Hiring for specific positions is complicated right now – even when you think you know what you need. Workers have quit their jobs at record rates over the past year, and they’re not necessarily returning. Whether you need an accountant or an astronaut, the pickings have slimmed.
Good candidates are often scarce. Fortunately, there are ways to deal. Namely, behavioral data can help you identify the right fit for a role. And when you know what behaviors lead to success in a role, you can hire with confidence.
Most skills can be taught. A person’s behavioral makeup is less easily molded. So as you seek out an accountant who fits your team and organizational needs, you’ll need to ask the right questions to find the right person.
We’ve got you covered. Wondering how to hire a top-performing accountant? Start with questions that get right at the behaviors and competencies the role requires.
Let’s say your behavioral target indicates this person should be meticulous, task-oriented, and adept at both day-to-day and big-picture risk analysis. Here are five questions you might ask to zero in on this target candidate:
5 interview questions to ask when hiring an accountant
- Tell me about a time you had to communicate with colleagues about available budget or resources.
- How would you go about developing a budget in a constantly changing environment?
- Tell me about a time you were tasked with allocating resources to others with a short turnaround time.
- What factors would prevent you from allocating company resources to low-risk work that takes a long time to complete?
- Tell me about a time you were asked to use a budget following an established procedure you did not agree with.
These behavioral interview questions can quickly confirm or deny your hunches. They help answer a crucial question: Is this person who we think they are?
And since you’ve already identified your job target, a simple “yes” can dramatically reduce your time to hire.
The anatomy of a behavioral interview question
Let’s dissect each of the questions we’ve suggested for the accountant interview:
Tell me about a time you had to communicate with colleagues about available budget or resources.
You’re starting simply. This is a core competency of the job – and you know how this accountant will need to communicate in order to foster strong relationships. The more detail the candidate goes into with their answer, the better idea you’ll get of their style.
How would you go about developing a budget in a constantly changing environment?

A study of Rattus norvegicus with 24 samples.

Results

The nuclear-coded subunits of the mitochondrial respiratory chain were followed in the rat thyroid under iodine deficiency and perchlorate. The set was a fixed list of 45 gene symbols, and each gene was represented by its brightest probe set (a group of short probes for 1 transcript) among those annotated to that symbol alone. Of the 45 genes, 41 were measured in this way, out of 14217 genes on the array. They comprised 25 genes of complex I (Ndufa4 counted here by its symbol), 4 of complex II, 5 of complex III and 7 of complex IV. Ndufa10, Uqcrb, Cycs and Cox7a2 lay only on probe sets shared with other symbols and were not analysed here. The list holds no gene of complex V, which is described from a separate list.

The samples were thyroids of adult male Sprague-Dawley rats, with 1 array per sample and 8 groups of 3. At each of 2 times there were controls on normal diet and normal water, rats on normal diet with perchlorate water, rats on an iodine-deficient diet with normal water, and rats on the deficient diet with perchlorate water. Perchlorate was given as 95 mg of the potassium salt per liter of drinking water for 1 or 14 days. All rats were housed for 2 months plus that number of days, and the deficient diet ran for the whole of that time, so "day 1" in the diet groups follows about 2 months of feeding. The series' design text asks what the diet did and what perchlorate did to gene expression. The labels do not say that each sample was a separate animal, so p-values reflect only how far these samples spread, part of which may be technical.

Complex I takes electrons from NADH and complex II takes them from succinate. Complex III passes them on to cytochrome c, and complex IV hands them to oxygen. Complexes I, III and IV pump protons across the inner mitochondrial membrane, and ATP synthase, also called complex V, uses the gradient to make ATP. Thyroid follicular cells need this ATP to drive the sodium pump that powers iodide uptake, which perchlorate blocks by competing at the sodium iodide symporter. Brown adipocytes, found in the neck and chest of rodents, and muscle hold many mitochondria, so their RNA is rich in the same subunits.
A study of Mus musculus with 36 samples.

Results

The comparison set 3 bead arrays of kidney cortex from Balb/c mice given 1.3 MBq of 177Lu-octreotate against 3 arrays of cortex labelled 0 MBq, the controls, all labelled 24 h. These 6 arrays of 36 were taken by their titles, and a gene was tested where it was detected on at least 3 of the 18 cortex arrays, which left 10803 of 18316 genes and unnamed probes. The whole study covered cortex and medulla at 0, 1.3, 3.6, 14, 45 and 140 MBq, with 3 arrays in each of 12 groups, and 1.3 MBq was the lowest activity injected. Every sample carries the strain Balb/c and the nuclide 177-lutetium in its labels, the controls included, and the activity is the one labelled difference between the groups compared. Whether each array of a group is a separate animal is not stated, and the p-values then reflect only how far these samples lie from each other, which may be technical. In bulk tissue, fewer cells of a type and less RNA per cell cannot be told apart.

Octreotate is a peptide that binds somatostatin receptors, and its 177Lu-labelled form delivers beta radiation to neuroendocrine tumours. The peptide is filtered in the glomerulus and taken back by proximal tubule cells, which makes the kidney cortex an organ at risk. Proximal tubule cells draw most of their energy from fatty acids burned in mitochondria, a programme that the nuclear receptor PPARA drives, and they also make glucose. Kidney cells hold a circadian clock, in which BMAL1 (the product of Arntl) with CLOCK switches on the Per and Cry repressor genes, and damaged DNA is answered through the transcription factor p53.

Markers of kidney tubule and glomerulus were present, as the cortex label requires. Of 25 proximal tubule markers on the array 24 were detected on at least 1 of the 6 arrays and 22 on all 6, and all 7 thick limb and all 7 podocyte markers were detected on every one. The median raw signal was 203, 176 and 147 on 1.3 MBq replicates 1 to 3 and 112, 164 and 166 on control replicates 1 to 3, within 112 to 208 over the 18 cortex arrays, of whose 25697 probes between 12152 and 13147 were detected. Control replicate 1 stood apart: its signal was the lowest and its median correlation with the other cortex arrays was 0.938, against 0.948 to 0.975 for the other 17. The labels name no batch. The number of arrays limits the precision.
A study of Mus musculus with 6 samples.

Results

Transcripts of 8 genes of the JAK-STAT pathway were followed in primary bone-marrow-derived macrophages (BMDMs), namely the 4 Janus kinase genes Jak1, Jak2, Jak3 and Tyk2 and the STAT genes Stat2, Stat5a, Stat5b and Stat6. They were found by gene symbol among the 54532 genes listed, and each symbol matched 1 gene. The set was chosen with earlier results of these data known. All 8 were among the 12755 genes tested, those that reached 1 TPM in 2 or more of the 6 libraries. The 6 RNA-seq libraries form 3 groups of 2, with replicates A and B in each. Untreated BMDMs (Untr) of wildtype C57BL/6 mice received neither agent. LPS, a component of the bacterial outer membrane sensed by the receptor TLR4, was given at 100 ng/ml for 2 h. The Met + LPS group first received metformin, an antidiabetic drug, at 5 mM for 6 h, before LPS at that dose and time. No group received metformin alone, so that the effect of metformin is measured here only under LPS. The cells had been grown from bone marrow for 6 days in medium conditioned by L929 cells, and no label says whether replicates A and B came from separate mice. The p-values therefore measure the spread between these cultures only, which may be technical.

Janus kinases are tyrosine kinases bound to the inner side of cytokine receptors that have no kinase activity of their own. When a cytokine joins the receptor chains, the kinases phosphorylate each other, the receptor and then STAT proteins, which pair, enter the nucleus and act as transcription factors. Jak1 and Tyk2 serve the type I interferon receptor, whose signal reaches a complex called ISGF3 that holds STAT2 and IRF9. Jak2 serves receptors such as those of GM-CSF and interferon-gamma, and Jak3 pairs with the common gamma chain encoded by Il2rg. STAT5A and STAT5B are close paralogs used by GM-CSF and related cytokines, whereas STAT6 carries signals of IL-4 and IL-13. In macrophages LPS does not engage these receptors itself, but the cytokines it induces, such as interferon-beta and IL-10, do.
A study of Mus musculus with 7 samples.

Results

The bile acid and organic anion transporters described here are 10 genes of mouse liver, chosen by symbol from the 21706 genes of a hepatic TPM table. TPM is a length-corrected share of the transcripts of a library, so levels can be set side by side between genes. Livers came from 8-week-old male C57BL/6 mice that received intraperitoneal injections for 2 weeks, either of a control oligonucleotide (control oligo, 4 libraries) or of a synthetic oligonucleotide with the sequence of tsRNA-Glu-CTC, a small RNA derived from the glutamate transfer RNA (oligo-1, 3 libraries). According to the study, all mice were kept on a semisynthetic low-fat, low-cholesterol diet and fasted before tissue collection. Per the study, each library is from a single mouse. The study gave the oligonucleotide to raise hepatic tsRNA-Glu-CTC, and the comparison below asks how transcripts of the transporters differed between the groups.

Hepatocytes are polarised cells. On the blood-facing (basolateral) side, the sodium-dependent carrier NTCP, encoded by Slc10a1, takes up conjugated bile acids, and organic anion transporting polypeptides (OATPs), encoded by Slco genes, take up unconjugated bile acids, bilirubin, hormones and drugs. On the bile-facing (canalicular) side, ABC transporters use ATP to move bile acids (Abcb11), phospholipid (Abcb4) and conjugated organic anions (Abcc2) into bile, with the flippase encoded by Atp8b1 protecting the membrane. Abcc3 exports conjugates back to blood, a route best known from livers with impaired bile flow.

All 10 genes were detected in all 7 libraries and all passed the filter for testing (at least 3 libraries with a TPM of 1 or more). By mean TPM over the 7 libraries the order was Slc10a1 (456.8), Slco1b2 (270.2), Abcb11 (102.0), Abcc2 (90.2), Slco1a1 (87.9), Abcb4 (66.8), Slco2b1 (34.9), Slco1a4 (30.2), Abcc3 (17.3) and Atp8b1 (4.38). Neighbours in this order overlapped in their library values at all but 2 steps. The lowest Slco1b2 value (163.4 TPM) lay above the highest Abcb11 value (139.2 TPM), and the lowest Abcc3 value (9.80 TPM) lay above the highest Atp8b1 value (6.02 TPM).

Maybe this isn’t how you view your organization, but it’s still important to know how a task-oriented, steady role player handles change. This is a “stretch” question, one that should get them thinking critically. Ideally, their answer also underscores an understanding of how your company and its budgeting process works.
Tell me about a time you were tasked with allocating resources to others with a short turnaround time.
Resource allocation is a key part of any finance department role. Ideally, an accountant has plenty of time to do their job, but in the event they don’t, how would they handle it? This is another “stretch” question, designed to reveal the candidate’s willingness to go beyond their comfort zone. You may not need an elaborate answer, but you’ll feel better knowing they have dealt with tight deadlines before.
What factors would prevent you from allocating company resources to low-risk work that takes a long time to complete?
Here’s an opportunity for the candidate to flex their experience. A good answer will reveal: (a) an understanding of organizational priorities, and (b) a sense for mitigating circumstances. It’s also a hypothetical, so their answer will require them to think on their feet. That may not be an essential trait for all accountants, but it’s helpful to have.
Tell me about a time you were asked to use a budget following an established procedure you did not agree with.
The answer you’re looking for here may vary. But chances are, you’re seeking a candidate who can operate within established guidelines. Whether there’s room for adjusting those guidelines is largely irrelevant – you want to know that the candidate can follow the procedure laid out for them, personal feelings aside.
How PI can help
No two interviews should be the same. Each candidate comes with a unique behavioral makeup, and if you’re doing your homework, those behaviors should align with the target you’ve established for the role.
PI Hire makes each step easier. Buoyed by scientifically validated assessments, our software gives you clarity throughout the hiring process.
Know the right fit for any role, and then nail that hire by tailoring your interview questions accordingly.